FRANKFORT – A day spent catching fish from the bank of a pond or lake will hook a novice angler and entertain the most experienced one.
May traditionally offers good opportunities for anglers as fish move shallow to spawn - and into easy casting range.
“If you’re interested in catching fish, this time of year is really cool,” said Neal Jackson, western fisheries district biologist with the Kentucky Department of Fish and Wildlife Resources. “You have channel catfish, you have bluegill and you have redear, all in the same location.
“You could be fishing with light tackle and catch a 12-inch redear, which fights like a mule, and the next cast you might catch a 5-pound channel cat on your 6-pound line.”
If redear sunfish are what you’re after, Kentucky and Barkley lakes hold excellent populations with some fish pushing 12 inches.
“When you factor in the roundness of the fish, it’s the size of a small plate,” Jackson said. “That size sunfish is something a lot of people haven’t ever seen. When you catch one it just blows you away. Even the smaller ones, the 10 inchers, are really impressive.”
The redear, also known as a shellcracker because of its ability to crack open snail and small mussel shells, typically begins spawning when the water temperature climbs into the 70s.
Redears colonize like bluegill, but nest in deeper water. To locate shellcrackers, look for bedding bluegill up against a bank. Then focus your attention on deeper water a little farther out from the shore.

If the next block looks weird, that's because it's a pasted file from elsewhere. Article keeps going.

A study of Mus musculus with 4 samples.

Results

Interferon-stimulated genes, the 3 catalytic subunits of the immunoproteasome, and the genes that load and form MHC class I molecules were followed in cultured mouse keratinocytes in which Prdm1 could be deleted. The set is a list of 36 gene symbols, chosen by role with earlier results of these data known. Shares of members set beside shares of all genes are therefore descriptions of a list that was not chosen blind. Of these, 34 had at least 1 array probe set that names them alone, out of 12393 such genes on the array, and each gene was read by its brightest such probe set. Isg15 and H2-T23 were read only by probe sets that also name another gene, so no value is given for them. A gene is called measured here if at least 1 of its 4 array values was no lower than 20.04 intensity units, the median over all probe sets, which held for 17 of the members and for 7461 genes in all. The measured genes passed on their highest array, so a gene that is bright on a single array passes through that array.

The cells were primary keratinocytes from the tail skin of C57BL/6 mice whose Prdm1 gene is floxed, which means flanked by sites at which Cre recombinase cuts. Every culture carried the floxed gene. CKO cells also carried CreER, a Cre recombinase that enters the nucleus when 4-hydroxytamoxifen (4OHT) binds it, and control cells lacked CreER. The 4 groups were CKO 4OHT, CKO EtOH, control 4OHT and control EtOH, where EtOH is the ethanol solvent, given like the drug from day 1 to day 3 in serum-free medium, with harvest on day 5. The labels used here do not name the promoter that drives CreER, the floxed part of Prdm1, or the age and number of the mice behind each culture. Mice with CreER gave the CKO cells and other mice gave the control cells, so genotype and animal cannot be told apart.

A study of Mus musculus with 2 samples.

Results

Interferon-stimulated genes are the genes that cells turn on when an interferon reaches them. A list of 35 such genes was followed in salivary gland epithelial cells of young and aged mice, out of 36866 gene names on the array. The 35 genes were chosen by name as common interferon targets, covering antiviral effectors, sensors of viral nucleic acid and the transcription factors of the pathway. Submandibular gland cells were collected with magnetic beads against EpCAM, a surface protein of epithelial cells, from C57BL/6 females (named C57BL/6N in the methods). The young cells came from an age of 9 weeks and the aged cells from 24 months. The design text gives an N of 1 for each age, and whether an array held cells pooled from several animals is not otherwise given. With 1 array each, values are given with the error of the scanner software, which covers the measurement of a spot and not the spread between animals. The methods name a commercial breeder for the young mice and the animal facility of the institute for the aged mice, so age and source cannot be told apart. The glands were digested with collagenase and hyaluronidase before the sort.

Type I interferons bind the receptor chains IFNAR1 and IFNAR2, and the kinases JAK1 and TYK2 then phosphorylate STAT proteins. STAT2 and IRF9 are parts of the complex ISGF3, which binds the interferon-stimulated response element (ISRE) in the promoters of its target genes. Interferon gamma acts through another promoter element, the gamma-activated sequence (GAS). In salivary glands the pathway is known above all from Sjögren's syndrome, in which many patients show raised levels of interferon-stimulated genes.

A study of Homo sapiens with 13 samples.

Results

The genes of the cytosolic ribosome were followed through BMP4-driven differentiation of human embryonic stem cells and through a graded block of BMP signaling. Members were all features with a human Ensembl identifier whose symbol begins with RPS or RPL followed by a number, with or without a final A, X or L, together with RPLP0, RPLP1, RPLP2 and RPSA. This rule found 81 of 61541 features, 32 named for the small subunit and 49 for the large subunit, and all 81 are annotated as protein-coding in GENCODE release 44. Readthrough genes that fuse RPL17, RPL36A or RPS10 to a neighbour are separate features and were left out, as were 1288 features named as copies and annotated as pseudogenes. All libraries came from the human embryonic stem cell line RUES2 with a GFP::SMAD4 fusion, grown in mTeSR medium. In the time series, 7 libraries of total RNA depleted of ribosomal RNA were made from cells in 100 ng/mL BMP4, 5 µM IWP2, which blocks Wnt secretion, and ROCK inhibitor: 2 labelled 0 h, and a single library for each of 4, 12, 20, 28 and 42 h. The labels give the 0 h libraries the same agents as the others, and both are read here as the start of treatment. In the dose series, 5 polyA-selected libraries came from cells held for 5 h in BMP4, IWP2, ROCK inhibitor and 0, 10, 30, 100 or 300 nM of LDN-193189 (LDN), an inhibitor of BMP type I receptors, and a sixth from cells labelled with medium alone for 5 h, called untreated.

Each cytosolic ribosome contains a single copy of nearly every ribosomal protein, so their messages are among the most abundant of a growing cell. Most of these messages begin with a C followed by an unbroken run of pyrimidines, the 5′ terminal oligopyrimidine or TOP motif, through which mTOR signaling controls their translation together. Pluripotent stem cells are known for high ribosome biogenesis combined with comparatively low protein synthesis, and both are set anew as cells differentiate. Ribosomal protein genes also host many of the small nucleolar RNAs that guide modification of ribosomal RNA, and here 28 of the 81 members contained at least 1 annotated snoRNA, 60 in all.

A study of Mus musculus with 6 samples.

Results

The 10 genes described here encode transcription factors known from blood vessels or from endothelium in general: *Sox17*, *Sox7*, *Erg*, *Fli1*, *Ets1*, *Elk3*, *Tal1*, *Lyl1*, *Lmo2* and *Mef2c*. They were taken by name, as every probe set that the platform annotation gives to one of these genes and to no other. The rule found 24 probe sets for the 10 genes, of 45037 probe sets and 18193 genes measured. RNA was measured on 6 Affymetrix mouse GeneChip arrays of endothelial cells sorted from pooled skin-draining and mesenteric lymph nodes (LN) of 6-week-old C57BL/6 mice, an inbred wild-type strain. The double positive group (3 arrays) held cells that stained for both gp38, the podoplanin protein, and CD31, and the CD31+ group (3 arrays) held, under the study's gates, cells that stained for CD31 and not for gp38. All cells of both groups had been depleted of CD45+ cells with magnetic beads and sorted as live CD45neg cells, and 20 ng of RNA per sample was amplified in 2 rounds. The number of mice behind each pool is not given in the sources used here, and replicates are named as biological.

Shellcrackers often gather in the backs of the bays in areas with gravel bottoms and vegetation like milfoil or mustard flowers.
“The redear seem to key on the aquatic vegetation,” Jackson said. “I assume that’s got to do with the fact they feed on snails and mussels.”
A period of stable weather and consistent lake levels help improve an angler’s odds.
“We went a week ago and caught a bunch of fish in a couple feet of water,” Jackson said. “But then we got a 10-degree drop in water temperature. We went back the next day just to see if they were still in that same spot and we didn’t catch them. The water was a little muddy and the temperature had dropped.”
Good baits include red worms, wax worms, mealworms and crickets, or small artificial baits like a jig in black or brown that mimics a snail or small insect. Fish these underneath a bobber and close to the bottom.
Another option is crawling a red worm. Tie a hook a few inches above a 3/16-ounce weight – anglers call this a drop-shot rig – then slowly move it along the bottom until you locate fish.
McNeely Lake in Jefferson County, Cedar Creek Lake in Lincoln County, Beaver Lake in Anderson County and Pan Bowl Lake in Breathitt County also offer good opportunities to catch large redear sunfish.
The statewide daily creel limit is 20 fish and there is no size limit, but some water bodies have special regulations. Pick up a copy of the 2014 Kentucky Fishing and Boating Guide or download one online at fw.ky.gov for details.
Kevin Kelly is a staff writer for Kentucky Afield magazine, the official publication of the Kentucky Department of Fish and Wildlife Resources. He is an avid angler with a passion for muskellunge and stream fishing. Get the latest from Kevin and the entire Kentucky Afield staff by following them on Twitter: @kyafield.